When the state of California Department of Public Health announced in December it was cutting funding to the Every Woman Counts (EWC) program which provides free breast cancer screenings to low income and uninsured California women, Eudora Mitchell’s first reaction was “We’re up a creek.” Her second reaction was “We’ve still got a paddle – get busy”.

“The decision to cut funding will have detrimental consequences. It boils down to a question of the haves and have nots,” says Mitchell, executive director of Quinn Community Outreach Corporation (QCOC).

This freeze will continue at least through July 1, 2010. When services are reinstated, screenings will only be available to women 50 and older. Experts say that leaves scores of poor women vulnerable to breast cancer.

During 2009, the Southern California Witness and Esperanza y Vida Projects administered by QCOC provided free early breast cancer screenings to 585 women in the Inland Empire.

Mitchell says in 2009 she documented a 3-fold increase in the number of women seeking free exams because of the rising number of jobless families.

“We had another 181 women registered but were not served. These women are all without insurance and are now unable to receive service.”

Last week QCOC launched an ‘Every Dollar Counts Campaign’ with the hope of raising public funds to fill the gap.

“We are asking people to give a dollar or more to help us raise the necessary funds to pay for the clinical breast exams for these and other women who depend on our service for this most vital screening.”

Donations are all tax deductible and can be mailed to Quinn Community Outreach Corporation or you may go online to the organization’s website at www.qcoc.net to make your donation.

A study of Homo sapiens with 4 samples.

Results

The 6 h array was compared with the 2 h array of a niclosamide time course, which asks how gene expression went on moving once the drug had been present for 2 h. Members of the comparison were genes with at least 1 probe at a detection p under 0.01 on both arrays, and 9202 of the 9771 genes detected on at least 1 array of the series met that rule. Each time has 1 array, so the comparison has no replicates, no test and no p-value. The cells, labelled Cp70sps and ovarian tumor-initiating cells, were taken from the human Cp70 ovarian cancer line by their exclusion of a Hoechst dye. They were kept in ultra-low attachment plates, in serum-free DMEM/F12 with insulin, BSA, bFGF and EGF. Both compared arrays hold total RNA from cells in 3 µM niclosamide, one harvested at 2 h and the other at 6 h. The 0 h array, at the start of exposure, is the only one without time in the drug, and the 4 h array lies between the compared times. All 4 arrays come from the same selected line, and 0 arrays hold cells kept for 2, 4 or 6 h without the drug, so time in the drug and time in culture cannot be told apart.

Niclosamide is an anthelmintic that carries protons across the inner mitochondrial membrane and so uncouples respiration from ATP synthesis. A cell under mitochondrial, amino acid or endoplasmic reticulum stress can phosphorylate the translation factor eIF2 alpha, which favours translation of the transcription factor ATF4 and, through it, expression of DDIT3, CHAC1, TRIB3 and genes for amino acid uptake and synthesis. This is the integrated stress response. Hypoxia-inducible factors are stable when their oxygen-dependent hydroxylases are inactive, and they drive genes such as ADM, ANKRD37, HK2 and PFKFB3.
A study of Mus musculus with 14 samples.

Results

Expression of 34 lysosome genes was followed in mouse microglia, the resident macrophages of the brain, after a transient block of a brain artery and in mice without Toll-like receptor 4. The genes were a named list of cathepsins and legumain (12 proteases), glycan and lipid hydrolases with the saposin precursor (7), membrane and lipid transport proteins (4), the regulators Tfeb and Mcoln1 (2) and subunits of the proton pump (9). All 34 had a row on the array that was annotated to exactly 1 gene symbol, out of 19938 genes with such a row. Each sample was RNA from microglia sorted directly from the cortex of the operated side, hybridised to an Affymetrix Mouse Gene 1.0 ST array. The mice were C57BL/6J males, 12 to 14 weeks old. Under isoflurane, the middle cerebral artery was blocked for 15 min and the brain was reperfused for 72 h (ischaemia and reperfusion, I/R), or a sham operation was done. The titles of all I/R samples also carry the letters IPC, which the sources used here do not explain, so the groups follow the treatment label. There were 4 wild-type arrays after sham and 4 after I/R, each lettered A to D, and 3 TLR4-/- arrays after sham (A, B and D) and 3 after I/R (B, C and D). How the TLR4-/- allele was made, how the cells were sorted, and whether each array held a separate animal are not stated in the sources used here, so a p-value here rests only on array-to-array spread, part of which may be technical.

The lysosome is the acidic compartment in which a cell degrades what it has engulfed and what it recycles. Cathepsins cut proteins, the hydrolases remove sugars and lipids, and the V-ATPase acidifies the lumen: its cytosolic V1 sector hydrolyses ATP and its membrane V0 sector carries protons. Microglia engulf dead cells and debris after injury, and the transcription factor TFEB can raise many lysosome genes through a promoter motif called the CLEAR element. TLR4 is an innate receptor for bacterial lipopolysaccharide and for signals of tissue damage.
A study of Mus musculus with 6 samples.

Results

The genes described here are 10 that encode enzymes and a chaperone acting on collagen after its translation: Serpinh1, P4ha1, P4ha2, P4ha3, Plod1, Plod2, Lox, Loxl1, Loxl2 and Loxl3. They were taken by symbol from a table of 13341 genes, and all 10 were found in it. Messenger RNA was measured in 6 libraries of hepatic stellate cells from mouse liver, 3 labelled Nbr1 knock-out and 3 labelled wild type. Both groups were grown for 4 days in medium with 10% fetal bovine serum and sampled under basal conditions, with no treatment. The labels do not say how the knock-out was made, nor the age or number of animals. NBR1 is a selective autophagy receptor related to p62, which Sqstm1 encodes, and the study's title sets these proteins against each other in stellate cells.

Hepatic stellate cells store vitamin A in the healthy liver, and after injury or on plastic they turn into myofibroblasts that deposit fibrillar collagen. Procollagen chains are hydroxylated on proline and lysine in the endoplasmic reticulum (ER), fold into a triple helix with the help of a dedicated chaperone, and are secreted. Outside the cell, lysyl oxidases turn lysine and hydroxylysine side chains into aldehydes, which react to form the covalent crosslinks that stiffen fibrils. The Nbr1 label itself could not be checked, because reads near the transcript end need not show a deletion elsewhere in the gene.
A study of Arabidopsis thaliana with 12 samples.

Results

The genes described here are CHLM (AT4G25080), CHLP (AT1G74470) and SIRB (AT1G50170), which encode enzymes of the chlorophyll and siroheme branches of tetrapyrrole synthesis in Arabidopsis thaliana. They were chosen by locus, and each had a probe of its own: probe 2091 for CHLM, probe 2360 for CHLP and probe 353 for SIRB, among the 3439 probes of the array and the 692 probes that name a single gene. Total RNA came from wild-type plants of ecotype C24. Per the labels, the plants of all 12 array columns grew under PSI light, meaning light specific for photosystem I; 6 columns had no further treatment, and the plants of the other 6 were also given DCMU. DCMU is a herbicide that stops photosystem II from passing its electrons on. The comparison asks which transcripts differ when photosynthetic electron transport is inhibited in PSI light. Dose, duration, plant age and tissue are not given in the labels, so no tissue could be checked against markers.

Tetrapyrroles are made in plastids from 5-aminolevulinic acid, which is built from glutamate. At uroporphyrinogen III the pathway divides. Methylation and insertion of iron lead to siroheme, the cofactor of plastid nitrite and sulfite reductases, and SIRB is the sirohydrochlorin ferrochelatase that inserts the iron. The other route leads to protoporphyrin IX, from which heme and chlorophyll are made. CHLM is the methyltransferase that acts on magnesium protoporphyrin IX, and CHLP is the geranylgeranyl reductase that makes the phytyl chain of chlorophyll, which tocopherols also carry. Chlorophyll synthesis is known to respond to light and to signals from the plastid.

Mitchell says QCOC is working with two mammogram imaging groups to provide clinical breast exams for $25.00. Women who cannot pay will continue to receive the service at no cost to them.

“Our medical screening providers and program sponsors (including Susan G. Komen for the Cure and Avon) know the importance of early screening. They’ve seen the results of this devastating disease first hand so they have taken steps to help us survive in the face of these cuts,” said Mitchell.

Each year, more than 25,000 California women develop breast cancer and more than 4,000 die from it. Breast cancer is the most common invasive cancer and is the second-leading cause of deaths among women. African-American and Latina women have the highest deaths among all ethnic groups.

California has a long standing history of being an advocate of early detection as the benefits are not negligible. Detecting cancer at i ts early stages increases a woman’s 5-year rate of survival by 95 percent said Mitchell.

Top officials of the Dallas-based Susan G. Komen for the Cure, the world’s largest network of breast cancer patients, expressed outraged over the cuts. Executive director Katie Parker says the cuts have a minor impact on the budget deficit – less than 0.5% of the state deficit but will have grave consequences for California women.

Parker said additional cuts are proposed for fiscal 2011 and will leave many of California’s most vulnerable women with no options.

Women’s health advocates, health care professionals, breast cancer survivors and consumer gathered in Sacramento Monday to protest the cuts. About 300,000 women statewide were served under the program in 2009.

The Assembly Budget Committee is investigating why revenues are falling on Proposition 99 tobacco tax revenues, which funds the program, said Assembly member Noreen Evans, D-Santa Rosa, committee chairwoman.

Of particular concern is whether there will be funding to resume the mammography screening on July 1, she said.

“Too much of the state’s cuts have been on the backs of women and children, particularly African- Americans and Latinas,” she said.